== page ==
Legislators in France toil to shorten workers’ hours

PARIS (AP) — Lawmakers approved a bill Tuesday that would cut France’s workweek from 39 to 35 hours, without a pay cut, by 2000. Supporters say it will help pare the high jobless rate.
The measure is strongly opposed by business leaders, who argue that it will lead to higher costs and job losses. Other European countries have scoffed at the Socialist-backed plan as well.
It would be one of the biggest labor changes since 1936, when the Popular Front introduced paid vacations and the 40-hour workweek, radically altering the lives of the working class.
The Socialist-dominated National Assembly adopted the bill by a 294-244 vote. It will be sent to the Senate, which is expected to approve it. It would then be signed into law by the president.
Prime Minister Lionel Jospin, who has made the bill a centerpiece of his Socialist-led government’s policies, claims the law will help spread jobs to more people.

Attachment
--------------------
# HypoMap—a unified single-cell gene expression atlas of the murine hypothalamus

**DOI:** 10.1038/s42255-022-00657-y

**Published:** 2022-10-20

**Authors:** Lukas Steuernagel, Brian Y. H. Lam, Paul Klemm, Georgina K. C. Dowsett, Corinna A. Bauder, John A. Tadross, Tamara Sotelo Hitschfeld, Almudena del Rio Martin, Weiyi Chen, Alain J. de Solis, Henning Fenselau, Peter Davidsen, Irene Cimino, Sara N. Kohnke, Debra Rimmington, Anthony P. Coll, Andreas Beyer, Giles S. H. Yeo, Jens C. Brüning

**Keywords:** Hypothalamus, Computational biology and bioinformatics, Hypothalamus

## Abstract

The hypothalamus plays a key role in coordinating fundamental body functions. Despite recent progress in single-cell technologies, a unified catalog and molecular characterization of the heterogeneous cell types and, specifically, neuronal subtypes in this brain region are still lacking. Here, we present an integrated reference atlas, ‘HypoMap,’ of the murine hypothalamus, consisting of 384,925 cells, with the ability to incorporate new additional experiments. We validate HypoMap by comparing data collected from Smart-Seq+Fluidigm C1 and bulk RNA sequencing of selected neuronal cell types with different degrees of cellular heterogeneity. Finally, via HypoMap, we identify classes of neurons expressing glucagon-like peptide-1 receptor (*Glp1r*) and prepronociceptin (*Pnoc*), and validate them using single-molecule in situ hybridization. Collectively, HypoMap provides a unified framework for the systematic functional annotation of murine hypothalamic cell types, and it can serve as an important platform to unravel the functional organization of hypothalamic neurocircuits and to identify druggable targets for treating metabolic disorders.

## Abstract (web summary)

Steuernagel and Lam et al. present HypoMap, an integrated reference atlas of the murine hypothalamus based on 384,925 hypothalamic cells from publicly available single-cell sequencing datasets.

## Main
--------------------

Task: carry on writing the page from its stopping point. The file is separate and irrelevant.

At just over 12 percent, unemployment is France’s most pressing problem, and the government knows that much of its popularity will rest on the ability to reduce joblessness.
French business leaders say the measure is counterproductive and will cost firms too much money, forcing some to close and ultimately reducing the number of jobs rather than creating them.
The government has said that wages would remain the same despite the cut in hours, but in recent months it has backtracked and said salaries may have to reflect the reduction in hours.
Companies with more than 20 employees would be required to adopt the measure by 2000. The rest would have until 2002 to comply with the law.
Companies will be offered tax or other incentives in the first year if they act in advance of the deadline.
Some key issues remain to be worked out, including exactly how the law will be applied. Management wants the right to average out the number of hours over the year to give it flexibility.
Legislators have agreed in principle to let employers calculate work hours over an entire year, allowing for longer or shorter hours a week depending on business activity.